Like it or not, WhatsApp is one of the most popular messaging applications out there, and billions around the world use it. Unfortunately, for a tool that's integral to communication for such a large audience, security is far from airtight. It was recently discovered that anyone could suspend someone's WhatsApp account by just knowing their number. Now, another research report sheds light on a staple feature that's being exploited by several apps and services to reveal the targeted user's app behavior.
As pointed out by cybersecurity firm Traced, these apps and services exploit the online status feature to let third parties track when an individual is using the app. One simply needs to enter the mobile number of the person they want to stalk, and these apps will do the rest for them. They can notify these third parties when their targets are online/offline and generate full-blown reports of their app usage history based on this information.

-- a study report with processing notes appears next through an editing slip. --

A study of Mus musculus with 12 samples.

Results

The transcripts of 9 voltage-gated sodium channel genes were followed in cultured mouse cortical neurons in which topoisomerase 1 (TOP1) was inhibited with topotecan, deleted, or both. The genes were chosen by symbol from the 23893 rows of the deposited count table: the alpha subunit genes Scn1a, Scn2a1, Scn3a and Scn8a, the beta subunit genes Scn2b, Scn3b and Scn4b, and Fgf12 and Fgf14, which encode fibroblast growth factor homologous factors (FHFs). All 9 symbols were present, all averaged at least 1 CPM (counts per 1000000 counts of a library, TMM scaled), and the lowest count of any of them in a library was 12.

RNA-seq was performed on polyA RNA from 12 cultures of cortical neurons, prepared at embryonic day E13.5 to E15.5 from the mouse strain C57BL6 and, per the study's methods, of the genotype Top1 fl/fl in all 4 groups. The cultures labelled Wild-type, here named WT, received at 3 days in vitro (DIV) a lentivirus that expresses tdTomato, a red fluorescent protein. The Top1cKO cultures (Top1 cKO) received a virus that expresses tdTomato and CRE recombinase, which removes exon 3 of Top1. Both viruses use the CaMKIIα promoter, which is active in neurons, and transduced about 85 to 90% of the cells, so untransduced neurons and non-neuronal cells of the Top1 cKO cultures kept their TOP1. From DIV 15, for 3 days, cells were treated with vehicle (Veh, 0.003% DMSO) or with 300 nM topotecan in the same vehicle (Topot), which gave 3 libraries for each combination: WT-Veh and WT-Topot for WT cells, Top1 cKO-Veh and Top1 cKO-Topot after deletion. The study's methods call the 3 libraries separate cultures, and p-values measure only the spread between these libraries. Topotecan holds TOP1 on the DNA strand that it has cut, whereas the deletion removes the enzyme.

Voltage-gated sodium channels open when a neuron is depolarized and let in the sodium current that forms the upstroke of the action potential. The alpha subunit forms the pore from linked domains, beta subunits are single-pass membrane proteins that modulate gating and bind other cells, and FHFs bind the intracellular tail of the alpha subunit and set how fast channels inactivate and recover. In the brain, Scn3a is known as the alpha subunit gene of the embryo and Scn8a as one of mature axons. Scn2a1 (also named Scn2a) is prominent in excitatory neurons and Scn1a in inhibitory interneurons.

These apps are readily available and often disguised as tools for parents to keep track of their children's online activity. I tried out one such app from the Google Play Store and it worked just as advertised. It sent me alerts when a particular contact (another number of mine) came online or went offline and it can map this information on a graph showing when and how much of the time I was online. There's even an option to track multiple contacts at once, allowing the possibility to deduce if two contacts are potentially talking to each other.
The graphs aren't populated yet because I only just tried out the service, but you get the picture.
Considering Google doesn't allow cyberstalking apps on the Play Store, it's a bit surprising that these are available in troves — some even have a subscription model that unlocks unlimited tracking/additional features.
Unfortunately, WhatsApp doesn't let users disable unknown numbers from seeing their online status, so there's nothing you can do to prevent anyone from knowing when and for how long you use the app. WhatsApp hasn't commented on this issue yet but we'll update the article if we hear anything.